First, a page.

Vanishing Pearls: The Oystermen of Pointe à la Hache + Narcosis+ Haenyeo: Women of the Sea



Saturday Jun 07 10:00 AM


Doris Duke Theatre


Museum members: $8.00
General Admission: $10.00


About the Film:

Part of World Oceans Day Hawai‘i 2014.

Hawai'i Premiere:
Vanishing Pearls: The Oystermen of Pointe à la Hache 
Directed by Nailah Jefferson. 2013. USA. 80 mins
Released to coincide with the fourth anniversary of the Deepwater Horizon oil spill, this paradise-lost story chronicles the ongoing environmental struggle between multinational oil and gas company BP and a small Louisiana Gulf community dependent on oyster fishing. For more than a century, the people of Pointe à la Hache, Louisiana have survived by fishing the plentiful Gulf waters. Over time, the powerful oil and gas industry has threatened this small, tight knit community’s way of life, culminating with the 2010 oil spill disaster. Told from the point of view of third-generation oysterman Byron Encalade, we learn how a once prolific fishing community has nearly vanished.

Presented by From the Bow Seat.

For New Orleans–based producer-director Nailah Jefferson, making the film affected him in a profound way: “I am awestruck by the fact that a community 55 miles away from my front door step that defines and sustains my identity as a New Orleanian was completely unknown and foreign to me. With films and storytelling, we can shed light in dark places—and those dark places aren’t particularly in farthest reaches or various, exotic ports of call. They are often in our own backyard and next door.”

Watch the trailer.

—screens with—

Directed by Julie Gautier. 2013. France. 14 mins.
Deep-water freediving exposes its practitioners to a form of narcosis, which induces several symptoms, including a feeling of euphoria and levity that is known as “raptures of the deep.” This short film relates the interior journey of Guillaume Néry, the apnea world champion, during one of his deep-water dives. It draws its inspiration from his physical experience and the narrative of his hallucinations.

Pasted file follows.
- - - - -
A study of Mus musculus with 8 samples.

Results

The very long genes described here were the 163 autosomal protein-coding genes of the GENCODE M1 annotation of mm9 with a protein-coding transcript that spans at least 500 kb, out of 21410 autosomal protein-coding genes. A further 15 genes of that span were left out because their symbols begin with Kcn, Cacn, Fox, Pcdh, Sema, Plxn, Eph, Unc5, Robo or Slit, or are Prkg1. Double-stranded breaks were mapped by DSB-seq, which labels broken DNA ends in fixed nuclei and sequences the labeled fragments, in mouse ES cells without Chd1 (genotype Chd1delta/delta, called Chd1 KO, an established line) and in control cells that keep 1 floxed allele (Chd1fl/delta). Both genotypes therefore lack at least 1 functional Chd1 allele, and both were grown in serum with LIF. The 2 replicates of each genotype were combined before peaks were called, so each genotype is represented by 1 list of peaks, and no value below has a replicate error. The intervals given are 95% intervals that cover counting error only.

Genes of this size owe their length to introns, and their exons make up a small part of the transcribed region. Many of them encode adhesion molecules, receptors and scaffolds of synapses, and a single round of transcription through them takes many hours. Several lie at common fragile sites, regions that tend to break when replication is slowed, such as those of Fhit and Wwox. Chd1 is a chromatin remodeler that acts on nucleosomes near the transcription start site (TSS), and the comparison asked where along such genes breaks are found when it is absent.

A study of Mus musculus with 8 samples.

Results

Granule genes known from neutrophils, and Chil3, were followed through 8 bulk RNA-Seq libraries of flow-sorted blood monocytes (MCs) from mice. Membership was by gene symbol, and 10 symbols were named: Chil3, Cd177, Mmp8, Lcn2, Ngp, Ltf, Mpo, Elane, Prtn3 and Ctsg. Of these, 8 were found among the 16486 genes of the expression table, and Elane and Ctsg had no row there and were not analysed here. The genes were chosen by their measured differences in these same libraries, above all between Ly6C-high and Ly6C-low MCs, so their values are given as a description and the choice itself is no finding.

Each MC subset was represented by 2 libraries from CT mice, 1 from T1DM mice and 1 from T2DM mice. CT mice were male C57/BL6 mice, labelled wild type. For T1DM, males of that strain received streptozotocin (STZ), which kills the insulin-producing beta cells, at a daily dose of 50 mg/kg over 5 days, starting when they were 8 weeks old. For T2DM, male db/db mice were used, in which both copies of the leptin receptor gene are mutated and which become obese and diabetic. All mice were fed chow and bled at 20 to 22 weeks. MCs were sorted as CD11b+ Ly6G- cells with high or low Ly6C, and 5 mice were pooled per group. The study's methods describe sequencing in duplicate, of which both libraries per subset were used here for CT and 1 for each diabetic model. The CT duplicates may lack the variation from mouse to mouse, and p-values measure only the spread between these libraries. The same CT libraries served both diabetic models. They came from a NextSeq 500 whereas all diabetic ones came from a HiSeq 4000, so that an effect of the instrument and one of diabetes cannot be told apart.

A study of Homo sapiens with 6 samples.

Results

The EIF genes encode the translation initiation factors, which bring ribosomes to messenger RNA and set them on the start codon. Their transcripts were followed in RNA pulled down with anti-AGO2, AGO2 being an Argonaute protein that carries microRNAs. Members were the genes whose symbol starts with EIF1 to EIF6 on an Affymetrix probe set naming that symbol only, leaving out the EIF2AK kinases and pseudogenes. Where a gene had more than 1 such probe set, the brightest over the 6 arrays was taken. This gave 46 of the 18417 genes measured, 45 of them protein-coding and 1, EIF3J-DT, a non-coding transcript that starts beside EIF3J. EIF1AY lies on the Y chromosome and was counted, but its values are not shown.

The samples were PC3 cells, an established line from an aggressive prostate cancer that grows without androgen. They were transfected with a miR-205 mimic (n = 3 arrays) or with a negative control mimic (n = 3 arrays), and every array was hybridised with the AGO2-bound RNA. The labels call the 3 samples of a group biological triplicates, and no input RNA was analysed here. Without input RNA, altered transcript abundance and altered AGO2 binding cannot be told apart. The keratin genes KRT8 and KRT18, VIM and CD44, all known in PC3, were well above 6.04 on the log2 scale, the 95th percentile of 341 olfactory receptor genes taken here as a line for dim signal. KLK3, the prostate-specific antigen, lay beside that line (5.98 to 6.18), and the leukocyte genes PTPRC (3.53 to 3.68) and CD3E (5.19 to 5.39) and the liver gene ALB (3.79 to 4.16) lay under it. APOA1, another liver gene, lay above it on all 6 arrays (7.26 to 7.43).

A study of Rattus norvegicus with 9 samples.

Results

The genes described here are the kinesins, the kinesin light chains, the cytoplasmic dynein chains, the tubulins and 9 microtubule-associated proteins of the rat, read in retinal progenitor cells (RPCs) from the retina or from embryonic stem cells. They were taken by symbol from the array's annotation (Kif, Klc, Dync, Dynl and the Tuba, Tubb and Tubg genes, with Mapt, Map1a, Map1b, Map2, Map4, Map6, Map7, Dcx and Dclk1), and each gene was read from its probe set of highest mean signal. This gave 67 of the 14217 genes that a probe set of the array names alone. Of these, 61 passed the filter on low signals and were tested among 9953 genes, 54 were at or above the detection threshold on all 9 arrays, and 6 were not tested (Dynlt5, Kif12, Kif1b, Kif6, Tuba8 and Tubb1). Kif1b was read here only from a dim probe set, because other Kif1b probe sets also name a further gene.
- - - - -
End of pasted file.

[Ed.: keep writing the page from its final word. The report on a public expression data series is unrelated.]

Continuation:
Special Guest: Martin Stepanek will lead a Q+A following the screening 
Freediving pioneer Martin Stepanek has plunged depths never before reached—more than 400 feet on a single breath of air. He claimed his first freediving world record in 2001, and has set over 13 world records thus far in his competitive career. Martin's passion for physiology and sports biology led him to work closely with top researchers from such universities as Harvard and the Karolynski Institute of Sweden to uncover some of his sport’s physiological mysteries. His participation in this ongoing research has helped scientists better understand the impact that depth and pressure have on the freediver.

To improve the effectiveness and safety of freediving education, Martin started his own freedive training agency, Freediving Instructors International. FII is paving the way of modern freediving education and is now the largest freediving training agency in the United States with worldwide reach. Martin has trained some of the world's most elite watermen athletes utilizing the FII system with notable clients such as the Crown Prince of Dubai and big-wave surfer Garrett McNamara.

—screens with—

Haenyeo: Women of the Sea
Directed by Kevin Sawicki & Alex Igidbashian. 2013. United States. 12 mins.
Haenyeo are the women free-divers of South Korea’s Jeju Island, who for centuries have collected seafood without the use of scuba equipment. This short documentary profiles Chuwar Park, an unbelievable vibrant diver still active at the age of 82. Examining her daily routine as well as her past, Park sheds light on this matriarchal culture that has changed little since the 19th century.